The steel pan, as we know it, is a relatively new member of the percussion family. Interestingly it was born out of poverty and a local ban on drums. Learn more about the steel pans complex history and development with our fun five facts below:
1. It’s not a drum!
The steel pan; quite possibly the only instrument to be made out of industrial waste, has become an icon of Trinidadian culture. The steel pan, often referred to incorrectly as a steel drum, was created on the island of Trinidad during the 1930’s. However the evolution can be traced back to the 18th century when African slaves, along with their music and culture, were brought to Trinidad by the French.
2. The ban of African drums
The French brought Carnival to Trinidad towards the end of the 18th century. Celebrations consisted of masked balls and street parades for the upper class, European land owners. The slaves held their own festivities known as Canboulay, based on the activity of burning the sugar cane fields after they had been harvested. After the abolition of the slave trade in 1834, African slaves were allowed to take part in Carnival. As the festivities grew in size, they became more violent. Riots in 1881 and further violence in 1883 led to a ban on stick fighting, torch lit processions and the use of African drums.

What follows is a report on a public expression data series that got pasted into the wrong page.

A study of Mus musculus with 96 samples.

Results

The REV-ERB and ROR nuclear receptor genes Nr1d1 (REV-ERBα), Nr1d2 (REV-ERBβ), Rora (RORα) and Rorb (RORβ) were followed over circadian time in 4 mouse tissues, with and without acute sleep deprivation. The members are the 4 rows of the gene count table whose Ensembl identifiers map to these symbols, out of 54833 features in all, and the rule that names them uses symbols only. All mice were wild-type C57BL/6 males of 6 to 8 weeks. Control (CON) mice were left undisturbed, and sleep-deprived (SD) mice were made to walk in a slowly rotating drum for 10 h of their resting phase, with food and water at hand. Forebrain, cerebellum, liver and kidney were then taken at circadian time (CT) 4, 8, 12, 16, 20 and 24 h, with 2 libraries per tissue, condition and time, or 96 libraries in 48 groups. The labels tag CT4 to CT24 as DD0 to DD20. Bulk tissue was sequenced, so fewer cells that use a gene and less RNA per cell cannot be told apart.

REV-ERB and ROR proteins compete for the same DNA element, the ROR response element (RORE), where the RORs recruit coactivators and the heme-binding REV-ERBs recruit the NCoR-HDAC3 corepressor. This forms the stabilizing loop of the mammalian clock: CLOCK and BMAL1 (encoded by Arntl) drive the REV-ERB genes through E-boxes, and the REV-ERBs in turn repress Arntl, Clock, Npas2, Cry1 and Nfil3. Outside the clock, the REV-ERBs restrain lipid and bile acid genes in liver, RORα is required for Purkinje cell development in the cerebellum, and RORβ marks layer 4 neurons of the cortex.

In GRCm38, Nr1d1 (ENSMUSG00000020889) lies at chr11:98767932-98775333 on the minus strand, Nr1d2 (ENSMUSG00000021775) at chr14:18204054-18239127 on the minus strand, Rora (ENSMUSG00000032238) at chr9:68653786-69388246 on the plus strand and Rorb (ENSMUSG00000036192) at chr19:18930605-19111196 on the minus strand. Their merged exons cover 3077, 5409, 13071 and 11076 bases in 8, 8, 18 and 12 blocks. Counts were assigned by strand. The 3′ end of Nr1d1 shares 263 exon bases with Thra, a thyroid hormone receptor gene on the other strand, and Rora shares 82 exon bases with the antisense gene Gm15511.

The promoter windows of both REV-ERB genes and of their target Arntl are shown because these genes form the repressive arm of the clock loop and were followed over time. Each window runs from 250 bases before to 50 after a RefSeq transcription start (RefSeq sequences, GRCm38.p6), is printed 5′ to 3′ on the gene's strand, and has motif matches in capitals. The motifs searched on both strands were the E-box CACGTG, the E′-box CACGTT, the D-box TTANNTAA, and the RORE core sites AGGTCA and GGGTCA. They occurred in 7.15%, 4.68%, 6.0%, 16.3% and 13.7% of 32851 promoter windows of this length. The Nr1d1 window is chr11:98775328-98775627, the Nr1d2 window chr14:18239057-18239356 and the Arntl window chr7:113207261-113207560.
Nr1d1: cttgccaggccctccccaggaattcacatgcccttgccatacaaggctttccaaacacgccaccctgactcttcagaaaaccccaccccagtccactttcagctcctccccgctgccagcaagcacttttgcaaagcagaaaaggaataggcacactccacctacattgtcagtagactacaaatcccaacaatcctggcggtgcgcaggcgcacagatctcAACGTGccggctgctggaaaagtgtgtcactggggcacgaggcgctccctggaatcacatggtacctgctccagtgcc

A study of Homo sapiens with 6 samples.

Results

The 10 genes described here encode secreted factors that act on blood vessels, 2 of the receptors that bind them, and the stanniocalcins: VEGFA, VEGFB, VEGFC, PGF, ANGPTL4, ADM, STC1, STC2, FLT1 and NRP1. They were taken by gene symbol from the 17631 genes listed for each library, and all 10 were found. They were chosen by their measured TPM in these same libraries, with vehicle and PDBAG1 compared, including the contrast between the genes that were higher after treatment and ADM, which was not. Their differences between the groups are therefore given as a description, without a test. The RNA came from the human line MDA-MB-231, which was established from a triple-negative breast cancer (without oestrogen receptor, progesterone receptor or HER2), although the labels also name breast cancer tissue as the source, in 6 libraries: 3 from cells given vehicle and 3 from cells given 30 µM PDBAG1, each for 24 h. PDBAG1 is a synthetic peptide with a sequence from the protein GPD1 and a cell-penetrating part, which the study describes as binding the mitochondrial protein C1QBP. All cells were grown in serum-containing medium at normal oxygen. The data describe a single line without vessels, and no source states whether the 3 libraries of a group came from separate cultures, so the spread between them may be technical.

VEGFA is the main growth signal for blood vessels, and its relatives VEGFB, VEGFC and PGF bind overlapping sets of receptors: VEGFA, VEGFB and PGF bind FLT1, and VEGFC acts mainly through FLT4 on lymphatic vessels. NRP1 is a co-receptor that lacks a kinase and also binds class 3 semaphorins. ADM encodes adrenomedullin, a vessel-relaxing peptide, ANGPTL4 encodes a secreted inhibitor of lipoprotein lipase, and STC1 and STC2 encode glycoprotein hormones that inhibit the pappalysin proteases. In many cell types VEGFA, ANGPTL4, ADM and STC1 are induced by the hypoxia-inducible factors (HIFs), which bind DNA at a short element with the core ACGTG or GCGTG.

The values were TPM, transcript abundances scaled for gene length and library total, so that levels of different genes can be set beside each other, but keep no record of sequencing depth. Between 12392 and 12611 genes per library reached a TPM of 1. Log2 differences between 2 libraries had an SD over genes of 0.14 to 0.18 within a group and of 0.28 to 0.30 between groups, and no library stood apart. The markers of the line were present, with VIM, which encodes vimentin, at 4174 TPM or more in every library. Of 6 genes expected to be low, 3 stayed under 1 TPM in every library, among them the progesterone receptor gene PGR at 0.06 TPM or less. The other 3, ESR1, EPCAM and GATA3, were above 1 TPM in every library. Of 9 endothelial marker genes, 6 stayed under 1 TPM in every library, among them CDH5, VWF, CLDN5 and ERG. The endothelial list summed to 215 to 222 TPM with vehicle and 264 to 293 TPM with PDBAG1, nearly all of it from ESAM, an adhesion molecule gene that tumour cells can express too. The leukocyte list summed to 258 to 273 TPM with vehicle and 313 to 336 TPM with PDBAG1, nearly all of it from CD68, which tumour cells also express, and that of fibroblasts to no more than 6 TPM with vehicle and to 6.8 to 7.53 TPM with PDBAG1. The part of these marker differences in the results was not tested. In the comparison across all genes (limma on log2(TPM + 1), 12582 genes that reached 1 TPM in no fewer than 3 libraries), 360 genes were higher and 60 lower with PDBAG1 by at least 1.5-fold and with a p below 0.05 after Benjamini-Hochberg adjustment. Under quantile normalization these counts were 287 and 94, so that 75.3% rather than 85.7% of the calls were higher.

3. Tamboo-Bamboo bands to steel band
The ban of African drums led to the emergence of tamboo-bamboo bands around the start of the 20th century. Musicians would strike different lengths of bamboo and they would use glass gin bottles struck with spoons to keep in time along with dustbin lids and paint cans. The use of metal containers became more prominent during the 1930’s and by the end of the decade these instruments replaced bamboo sticks. Musicians experimented with denting containers to produce different notes and during the 1940’s substantial developments were made in the creation and tuning of steel pans. By now most pans were constructed out of discarded oil drums.
4. The Engine Room
A steel band includes a rhythm section known as the “Engine Room”. Metal objects such as biscuit tins, dustbins and car parts were originally used as percussion instruments but they later began to be tuned and now a modern steel band includes tuned percussion like vibraphones, cow bells, congas and bongos.
5. A family of instruments
Steel pans are made to exist in families, just like the orchestra! Front line pans are the smallest pans up to bass pans which are full sized. Although traditionally made from used oil drums, steel pans are today made from high quality steel.
Front-line pans: tenor, double tenor and double seconds
Mid-range (rhythm) pans: double guitar, triple/four cello and quadrophonics
Background pans: six (or more!) bass and tenor bass
You read about some of the different types of steel pans in another blog called “We Are Family”. There is so much more to learn about the evolution of the steel pan but the five facts in this blog give you a taster, I hope it’s given you an appetite to find out more or even give them a go!